Following the recent publication of the BISA and PSA-commissioned report 'Career trajectories in UK departments of Politics and International Relations’, author Professor Chris Hanretty (Royal Holloway, University of London) gives his thoughts on the key findings. In addition you can download the full report and see our response.
This has been a difficult year for academics and for universities.
Academics get satisfaction from seeing students work through difficult concepts. It's much harder to see realisation dawn on someone's face if they are not a face, but rather a grey box in a Microsoft Teams call.
It's also much harder to run an open, international university if international students can't enter the country.
Because this year has been so difficult (and because universities have faced such pressures), some academics have left the profession. Those who remain may have qualms about recommending academia as a career. The issue of exit from the profession has become much more pressing.
When, in the autumn of last year, I approached BISA and the PSA about writing a report into careers in the academy, "exit" (whether voluntary or involuntary) was not much on my mind. I was much more concerned about initial recruitment and promotion. I was particularly concerned by how these processes might affect different groups of people differently, and specifically whether white men like me were advantaged in these processes.
Both organisations agreed to purchase data from the Higher Education Statistics Agency (HESA) in order to answer these questions. Over the past six months, I've been analysing that data, and trying to shed some light on career related processes, and also on where we are right now.
Some of the figures in the report are not surprising. It is not particularly surprising, for example, to learn that there are more men than women involved in teaching and research in politics and international relations, or to learn that a majority of professors are white men. These are things that most academics could have intuited from observing their own and other departments.
Yet "capacity to surprise" is not the only test of value, and it is clearly valuable to know whether the proportion of women in politics and international relations has increased over the years (it has), by how much it has increased (by around 0.8 percentage points per year), and how long on current trends it would take for the profession to have approximately equal numbers of men and women (another twelve years).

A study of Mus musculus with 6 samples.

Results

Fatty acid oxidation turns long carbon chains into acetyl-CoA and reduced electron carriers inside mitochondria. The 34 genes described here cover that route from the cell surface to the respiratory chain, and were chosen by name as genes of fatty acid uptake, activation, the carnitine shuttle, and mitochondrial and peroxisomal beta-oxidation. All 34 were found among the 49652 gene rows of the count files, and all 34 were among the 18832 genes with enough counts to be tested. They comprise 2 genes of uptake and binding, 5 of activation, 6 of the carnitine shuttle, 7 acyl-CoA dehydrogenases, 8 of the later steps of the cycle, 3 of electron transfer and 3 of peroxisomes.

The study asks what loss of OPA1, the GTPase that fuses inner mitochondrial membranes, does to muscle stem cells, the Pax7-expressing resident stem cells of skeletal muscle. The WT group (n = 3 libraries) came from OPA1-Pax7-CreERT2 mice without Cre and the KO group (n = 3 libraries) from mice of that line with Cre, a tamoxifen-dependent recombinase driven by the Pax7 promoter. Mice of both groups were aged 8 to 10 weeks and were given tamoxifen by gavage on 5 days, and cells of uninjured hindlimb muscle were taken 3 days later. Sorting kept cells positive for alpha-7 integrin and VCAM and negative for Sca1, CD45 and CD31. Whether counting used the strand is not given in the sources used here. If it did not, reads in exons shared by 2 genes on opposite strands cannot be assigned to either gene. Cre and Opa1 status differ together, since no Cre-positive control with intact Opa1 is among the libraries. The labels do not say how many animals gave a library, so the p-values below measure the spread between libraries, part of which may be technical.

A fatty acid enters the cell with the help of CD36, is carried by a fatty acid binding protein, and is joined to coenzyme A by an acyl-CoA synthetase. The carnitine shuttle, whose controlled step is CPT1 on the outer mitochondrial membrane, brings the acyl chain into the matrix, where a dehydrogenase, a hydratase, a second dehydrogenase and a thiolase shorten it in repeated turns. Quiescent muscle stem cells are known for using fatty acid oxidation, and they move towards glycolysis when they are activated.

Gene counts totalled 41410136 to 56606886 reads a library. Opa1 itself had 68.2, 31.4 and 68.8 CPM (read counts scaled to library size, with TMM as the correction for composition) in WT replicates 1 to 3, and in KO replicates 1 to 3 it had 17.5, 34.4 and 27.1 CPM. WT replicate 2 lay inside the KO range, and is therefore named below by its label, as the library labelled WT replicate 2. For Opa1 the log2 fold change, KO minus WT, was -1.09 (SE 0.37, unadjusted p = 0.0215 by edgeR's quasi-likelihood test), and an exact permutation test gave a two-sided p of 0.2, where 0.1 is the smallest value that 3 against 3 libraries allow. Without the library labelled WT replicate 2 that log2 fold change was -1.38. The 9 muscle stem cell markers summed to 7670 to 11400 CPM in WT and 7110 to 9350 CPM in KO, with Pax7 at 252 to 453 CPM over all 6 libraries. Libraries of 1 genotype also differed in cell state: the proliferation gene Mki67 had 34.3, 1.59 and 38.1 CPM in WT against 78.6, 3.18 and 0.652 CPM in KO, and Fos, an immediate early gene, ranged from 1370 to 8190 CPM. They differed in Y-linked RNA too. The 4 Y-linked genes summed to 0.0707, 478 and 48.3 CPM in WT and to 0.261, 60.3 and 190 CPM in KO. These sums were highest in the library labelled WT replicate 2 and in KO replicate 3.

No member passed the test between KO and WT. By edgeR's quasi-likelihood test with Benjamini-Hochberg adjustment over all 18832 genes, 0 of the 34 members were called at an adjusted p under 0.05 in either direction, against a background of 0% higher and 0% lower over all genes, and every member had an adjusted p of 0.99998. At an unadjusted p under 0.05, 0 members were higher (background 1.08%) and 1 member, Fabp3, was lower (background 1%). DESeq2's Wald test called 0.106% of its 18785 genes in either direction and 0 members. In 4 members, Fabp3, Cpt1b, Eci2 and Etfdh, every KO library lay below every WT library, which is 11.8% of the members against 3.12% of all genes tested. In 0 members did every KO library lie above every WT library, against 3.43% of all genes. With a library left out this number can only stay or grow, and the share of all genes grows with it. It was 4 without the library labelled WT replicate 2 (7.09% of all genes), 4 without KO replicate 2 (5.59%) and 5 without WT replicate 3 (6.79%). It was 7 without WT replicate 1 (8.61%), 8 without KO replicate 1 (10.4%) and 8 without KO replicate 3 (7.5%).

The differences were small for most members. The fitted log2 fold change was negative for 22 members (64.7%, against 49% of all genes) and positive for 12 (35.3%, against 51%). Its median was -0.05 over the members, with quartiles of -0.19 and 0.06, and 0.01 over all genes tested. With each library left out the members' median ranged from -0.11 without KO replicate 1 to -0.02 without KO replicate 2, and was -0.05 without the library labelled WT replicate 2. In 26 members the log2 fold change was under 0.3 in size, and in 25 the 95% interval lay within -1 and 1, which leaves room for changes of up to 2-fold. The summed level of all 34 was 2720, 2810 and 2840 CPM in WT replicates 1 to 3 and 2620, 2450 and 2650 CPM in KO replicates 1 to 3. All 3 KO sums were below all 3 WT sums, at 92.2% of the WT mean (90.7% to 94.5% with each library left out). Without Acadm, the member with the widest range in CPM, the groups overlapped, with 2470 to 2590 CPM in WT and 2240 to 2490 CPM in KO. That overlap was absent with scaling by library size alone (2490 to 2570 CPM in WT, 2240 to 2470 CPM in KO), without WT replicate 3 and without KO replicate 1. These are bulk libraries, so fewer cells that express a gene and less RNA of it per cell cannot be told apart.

These figures are descriptive statistics. They are arrived at by counting and tabulating. There are limits to counting and tabulating, both generally and in this particular case: HESA (who own the data), require us to avoid publishing any tables which might lead to individuals being identified. This is why, for example, the report doesn't contain information on the number of male and female professors by specific ethnic categories, since this would involve very small numbers of individuals.
Instead, the report models different processes related to careers - attainment (the rank academics have at a single point in time), promotion (transitions between academic ranks), and exit (ceasing to be employed in UK higher education).
The findings of these models can be summarised briefly:
- Controlling for contractual characteristics and year of first employment in higher education, men attain higher rank than do women, and white members of staff attain higher rank than members of staff from ethnic minorities.
- Focusing on individuals who started in the first year of data (2012/13), there are no significant differences in promotion rates between men and women, or between white and ethnic minority members of staff, but this is a consequence of following a much smaller set of individuals who entered the profession during the period of the data, and the absence of evidence of a significant effect is not evidence of absence of a significant effect.
- Members of staff from ethnic minorities are more likely to exit the profession, once again controlling for contractual characteristics and year of first employment in higher education.
It is this last finding which most concerns me. Across the university sector as a whole, reductions in staff numbers seem more likely than increases in staff numbers. It's incumbent on all of us - but particularly heads of departments and deans of faculty - to ensure that whether politics and international relations grows or contracts, it does so in a manner which ensures no particular group is (dis)advantaged.